Alaska Airlines planned to resume flights in and out of Juneau today, depending on the weather.
Flight 62, set to land about 2:30 p.m., and Flight 67, with a yet-to-be-scheduled landing time, were the first two flights expected in, said Andy Workman of the airline's local office.
Flights were grounded Tuesday following the hijacking of four commercial jets in the East.
The Federal Aviation Administration gave the Juneau Airport full permission to allow all forms of aircraft to resume flying today.
The FAA also gave clearance to Alaska Airlines, which began some flights late this morning, said spokesman Jack Walsh. Walsh advised passengers to continue to check the company's Web site for updates, since schedules were unsure.
Walsh said priority will go to people already scheduled to fly on today's flights. Next in line would be people waiting to get into or out of Juneau before today. Top-priority destinations will be within Alaska and the heavily traveled areas in the Lower 48, he said.
Walsh said since the grounding, flights carrying between 196,000 and 210,000 passengers have been canceled. About 1,500 flights, with an average capacity of 140 people, were canceled.
The U.S. Postal Service, which uses Alaska Airlines for some cargo shipments, initially got word the FAA would not allow cargo or mail on commercial airlines once service resumed.
However, Postal Service spokeswoman Nancy Schmitt said the agency had not received official notification of this directive. The FAA was unavailable for comment by the Empire's midday deadline.
If the change is put into place, it could significantly affect first-class, priority and express mail, which is flown to Juneau on Alaska Airlines, said Schmitt.
Unless the Postal Service is told otherwise, it plans to start dispatching mail on commercial airlines in 48 hours, she said.
Ken Sikler, delivery manager of the downtown post office, said charter planes that come into Sitka, Ketchikan and Juneau could handle the mail. But he said the grounding is going to create a general backlog of mail processing.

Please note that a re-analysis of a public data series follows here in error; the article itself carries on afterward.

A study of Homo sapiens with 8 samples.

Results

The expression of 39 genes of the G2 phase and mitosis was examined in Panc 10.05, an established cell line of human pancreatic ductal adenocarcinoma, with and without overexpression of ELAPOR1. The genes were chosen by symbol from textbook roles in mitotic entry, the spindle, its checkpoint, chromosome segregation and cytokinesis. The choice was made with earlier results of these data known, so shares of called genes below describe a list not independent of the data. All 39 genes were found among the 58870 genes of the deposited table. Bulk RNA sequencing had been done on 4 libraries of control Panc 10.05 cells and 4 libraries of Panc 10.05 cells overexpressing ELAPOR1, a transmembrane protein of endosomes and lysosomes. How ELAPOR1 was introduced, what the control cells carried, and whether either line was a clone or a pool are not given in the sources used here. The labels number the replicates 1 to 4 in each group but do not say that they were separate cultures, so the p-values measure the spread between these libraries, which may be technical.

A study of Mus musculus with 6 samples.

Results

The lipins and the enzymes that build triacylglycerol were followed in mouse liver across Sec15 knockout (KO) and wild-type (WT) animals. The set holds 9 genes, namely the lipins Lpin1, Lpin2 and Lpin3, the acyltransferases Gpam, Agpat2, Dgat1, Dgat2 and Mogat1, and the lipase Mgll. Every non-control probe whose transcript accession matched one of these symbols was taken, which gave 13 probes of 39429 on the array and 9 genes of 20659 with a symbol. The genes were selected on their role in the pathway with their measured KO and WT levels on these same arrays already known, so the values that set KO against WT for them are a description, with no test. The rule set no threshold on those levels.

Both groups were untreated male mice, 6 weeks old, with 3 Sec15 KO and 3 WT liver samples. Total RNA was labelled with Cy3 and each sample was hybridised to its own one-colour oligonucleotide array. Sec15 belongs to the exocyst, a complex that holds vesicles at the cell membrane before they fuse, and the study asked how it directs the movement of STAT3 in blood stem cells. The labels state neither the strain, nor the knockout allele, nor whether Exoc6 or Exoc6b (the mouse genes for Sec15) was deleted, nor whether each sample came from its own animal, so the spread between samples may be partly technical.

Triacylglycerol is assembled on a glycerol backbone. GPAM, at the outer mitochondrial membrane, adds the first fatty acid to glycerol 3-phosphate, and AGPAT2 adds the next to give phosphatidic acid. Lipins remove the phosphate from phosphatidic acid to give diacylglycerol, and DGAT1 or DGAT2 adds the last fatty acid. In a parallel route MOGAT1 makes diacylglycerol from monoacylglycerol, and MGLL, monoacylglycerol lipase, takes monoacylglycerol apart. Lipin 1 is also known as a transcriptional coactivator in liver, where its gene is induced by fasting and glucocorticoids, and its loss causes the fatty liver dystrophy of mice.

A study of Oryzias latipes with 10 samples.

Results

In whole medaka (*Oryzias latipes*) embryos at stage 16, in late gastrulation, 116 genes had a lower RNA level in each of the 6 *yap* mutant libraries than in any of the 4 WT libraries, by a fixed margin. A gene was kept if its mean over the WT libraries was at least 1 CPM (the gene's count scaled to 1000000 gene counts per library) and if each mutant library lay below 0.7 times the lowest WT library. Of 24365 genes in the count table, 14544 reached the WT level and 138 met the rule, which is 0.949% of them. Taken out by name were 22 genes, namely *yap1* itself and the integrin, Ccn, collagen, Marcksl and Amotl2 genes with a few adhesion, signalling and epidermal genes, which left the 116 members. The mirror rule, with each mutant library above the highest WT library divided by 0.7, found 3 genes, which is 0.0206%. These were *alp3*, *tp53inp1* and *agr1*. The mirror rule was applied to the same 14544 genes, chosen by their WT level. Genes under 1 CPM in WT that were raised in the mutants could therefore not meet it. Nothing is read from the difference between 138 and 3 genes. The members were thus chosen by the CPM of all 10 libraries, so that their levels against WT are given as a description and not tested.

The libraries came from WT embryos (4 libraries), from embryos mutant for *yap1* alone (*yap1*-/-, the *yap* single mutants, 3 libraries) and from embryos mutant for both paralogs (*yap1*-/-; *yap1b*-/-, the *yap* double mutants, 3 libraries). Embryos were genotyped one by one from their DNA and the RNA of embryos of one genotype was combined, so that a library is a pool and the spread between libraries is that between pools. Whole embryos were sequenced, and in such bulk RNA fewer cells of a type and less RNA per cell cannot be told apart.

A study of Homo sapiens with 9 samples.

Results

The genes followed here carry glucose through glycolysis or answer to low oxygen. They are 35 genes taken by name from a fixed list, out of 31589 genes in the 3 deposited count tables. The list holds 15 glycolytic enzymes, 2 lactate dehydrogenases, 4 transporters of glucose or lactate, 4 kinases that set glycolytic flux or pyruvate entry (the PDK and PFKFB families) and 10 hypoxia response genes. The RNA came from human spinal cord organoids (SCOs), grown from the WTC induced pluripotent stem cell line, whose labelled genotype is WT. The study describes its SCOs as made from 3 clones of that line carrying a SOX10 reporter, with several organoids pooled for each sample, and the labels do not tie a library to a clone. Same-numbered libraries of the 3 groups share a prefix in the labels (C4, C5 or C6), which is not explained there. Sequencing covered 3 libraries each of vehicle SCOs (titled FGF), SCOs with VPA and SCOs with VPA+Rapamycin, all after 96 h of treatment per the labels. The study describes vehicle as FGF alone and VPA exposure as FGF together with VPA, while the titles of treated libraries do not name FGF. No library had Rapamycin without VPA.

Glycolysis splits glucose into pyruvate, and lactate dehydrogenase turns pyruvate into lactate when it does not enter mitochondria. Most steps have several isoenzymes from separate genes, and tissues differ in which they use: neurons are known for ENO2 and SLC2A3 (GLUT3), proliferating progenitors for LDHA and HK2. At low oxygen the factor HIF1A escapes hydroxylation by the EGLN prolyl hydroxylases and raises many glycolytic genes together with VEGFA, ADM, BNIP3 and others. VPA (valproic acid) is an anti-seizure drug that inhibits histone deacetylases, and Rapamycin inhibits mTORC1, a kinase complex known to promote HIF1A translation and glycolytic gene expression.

"It's going to be like Christmas," he said. "It's going to be a lot of work and a lot of overtime to get through all of this."
The delays and cancellation of flights also have disrupted cruise-ship plans.
Holland America canceled the Westerdam cruise expected to dock in Juneau on Saturday because passengers could not catch flights to the ship. According to a Holland America press release, the ship is headed from Ketchikan to Vancouver for a passenger switch. Current Westerdam passengers with air connections will be given free lodging on the ship until they can get flights, while those expecting to go on a cruise will get a refund.
Princess Cruises spokesman Kirby Day said the line has no plans to cancel any cruises at this time, but may revise itineraries to eliminate some ports.
The FAA also is allowing local helicopters to fly today, said dispatch operator Julie Reifers of Coastal Helicopters. She said Coastal already had two flights before noon today. She said the company was instructed it could fly within the state on unscheduled flights only.
Jim Wilson, owner of Coastal, said the company has not been able to bring down three telecommunication maintenance workers stranded on Southeast mountaintops due to bad weather. He said he hopes helicopters can get them later today or Friday morning.
Air taxi flights such as those used to pick up stranded hunters in remote sections of the state also are resuming flights, a spokesman for Gov. Tony Knowles said. The action will allow air taxis to retrieve an estimated 600 to 800 hunters who had no way out of Alaska's Bush.